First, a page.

The Committee’s concern stemmed more from an accidental misuse of the software than from any deliberate leaking of sensitive material. LimeWire would be a pretty dumb tool for terrorists, but it is also a really dumb thing to install on a computer that contains classified information. Of course, there are a gajillion other ways to get files across the ’net. The mere act of connecting Microsoft Windows to the internet can compromise your digital stuff. Why wasn’t Bill Gates in this hearing?
While the recording industry does not seem to be directly involved with this particular attack on LimeWire, the RIAA has made 2007 its banner year to prevent you from actually hearing the music it records. It has threatened internet radio [“Dead Air,” July 11-17] and sued college students for sharing music. So this seems a fitting time to list some more above-board, even legitimate, ways to get great tunes for free.
First I’ll list some “streamed music” services. Streaming typically means that you can listen in one direction only — forward — and that you don’t get to store the music unless you use a parlor trick (easily learned) to record the audio your computer is receiving. I love turning people on to Pandora. This site asks you to create a “radio station” by entering an artist or song. Pandora then uses its database of “music genomes” to construct a list of songs related to your original selection. Pandora is one of the most high-profile services imperilled by the crackdown on internet radio.
Wolfgang’s Vault is a crazy good time. Bill Sagan discovered and bought the collection of concert recordings and memorabilia of late legendary rock promoter Bill Graham, and Sagan’s company has spent a considerable amount of time and resources documenting all of those recordings and posting them online for your listening pleasure.
Real.com offers Rhapsody, a neat subscription that lets you choose from millions of tracks, store and share your choices. You can pay for “unlimited” access. I know many people who dig Rhapsody, though I found the site more clunky than others, and it crashed two of my browsers and wouldn’t work with the third.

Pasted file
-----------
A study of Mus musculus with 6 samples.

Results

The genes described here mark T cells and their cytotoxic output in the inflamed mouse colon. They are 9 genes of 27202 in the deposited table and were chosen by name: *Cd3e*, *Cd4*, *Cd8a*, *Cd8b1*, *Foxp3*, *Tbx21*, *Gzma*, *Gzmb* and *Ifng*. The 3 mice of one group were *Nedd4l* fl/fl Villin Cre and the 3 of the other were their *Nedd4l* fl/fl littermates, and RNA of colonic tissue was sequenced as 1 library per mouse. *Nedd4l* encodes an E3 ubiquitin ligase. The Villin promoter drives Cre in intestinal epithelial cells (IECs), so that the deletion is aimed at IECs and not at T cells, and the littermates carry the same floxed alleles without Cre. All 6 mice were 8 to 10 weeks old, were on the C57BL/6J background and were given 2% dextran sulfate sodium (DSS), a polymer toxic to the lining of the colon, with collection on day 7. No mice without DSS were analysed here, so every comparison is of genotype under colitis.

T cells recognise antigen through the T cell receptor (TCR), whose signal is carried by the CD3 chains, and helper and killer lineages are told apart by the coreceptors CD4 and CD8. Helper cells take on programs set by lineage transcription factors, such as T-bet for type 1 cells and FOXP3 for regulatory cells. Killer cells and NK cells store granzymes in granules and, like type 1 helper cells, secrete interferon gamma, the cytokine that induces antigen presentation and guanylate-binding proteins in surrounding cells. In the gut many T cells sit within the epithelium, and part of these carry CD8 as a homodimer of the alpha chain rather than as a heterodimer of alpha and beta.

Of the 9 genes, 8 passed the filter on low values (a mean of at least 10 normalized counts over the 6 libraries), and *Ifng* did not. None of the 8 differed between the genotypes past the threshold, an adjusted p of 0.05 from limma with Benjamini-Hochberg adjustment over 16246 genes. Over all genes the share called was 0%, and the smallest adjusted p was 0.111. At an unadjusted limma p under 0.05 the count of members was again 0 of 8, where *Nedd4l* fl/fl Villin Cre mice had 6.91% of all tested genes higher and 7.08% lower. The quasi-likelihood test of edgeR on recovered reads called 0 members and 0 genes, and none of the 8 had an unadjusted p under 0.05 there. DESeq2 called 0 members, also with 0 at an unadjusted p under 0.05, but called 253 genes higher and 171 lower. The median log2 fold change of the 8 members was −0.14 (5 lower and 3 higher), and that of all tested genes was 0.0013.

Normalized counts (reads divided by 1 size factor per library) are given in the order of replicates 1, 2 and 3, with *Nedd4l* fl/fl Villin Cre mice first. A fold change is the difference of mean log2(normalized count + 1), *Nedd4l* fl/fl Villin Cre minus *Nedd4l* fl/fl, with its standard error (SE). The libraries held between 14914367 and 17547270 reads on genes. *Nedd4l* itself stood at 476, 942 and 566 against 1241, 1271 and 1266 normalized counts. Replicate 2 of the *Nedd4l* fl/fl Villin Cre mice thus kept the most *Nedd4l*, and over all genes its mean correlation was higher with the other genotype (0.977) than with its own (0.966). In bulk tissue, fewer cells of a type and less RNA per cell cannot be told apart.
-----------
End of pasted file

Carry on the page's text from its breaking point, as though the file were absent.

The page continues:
Now comes the double-plus fun. Without installing any security-menacing software, you can find MP3s from all over the internet, yours to keep. Google can track down music files. You can look up the tricky syntax for the searches (Google “how to find mp3 with Google”), or use a site like www.b3ta.cr3ation.co.uk to do the geek-work for you.
Somewhat newer to the scene are music or MP3 blogs, where fans discuss music and post listenable and viewable files. Sites such as Hype Machine (hypem.com) and Elbo.ws scour, track, categorize, and sort the content of these blogs.
But here’s the magic: Whenever you do a search in Hype Machine, a link to a “feed” is generated for you. You can ask iTunes (or another music app) to subscribe to that feed. Click “Advanced > Subscribe to Podcast …” and iTunes will start downloading the top song result from your search. Then you can ask it to grab more. A constantly refreshing set of songs from your artist is downloaded daily (or hourly, weekly, etc.), ready to be synced to your iPod (or another portable music device).
Hype Machine was the recent discovery that made me get up and do a little dance. (No, I didn’t post said dance on YouTube. And by the way, if anyone says “cat playing piano” to me again, I’m gonna drink Drano.) They let you play your search results in their own little window, but the ability to find and keep a track you like is just golden. And it’s just the kind of gold that the music industry wants to deny us, even though it ultimately attracts ears and purses to their product. So take a cue from Janis, and get it while you can.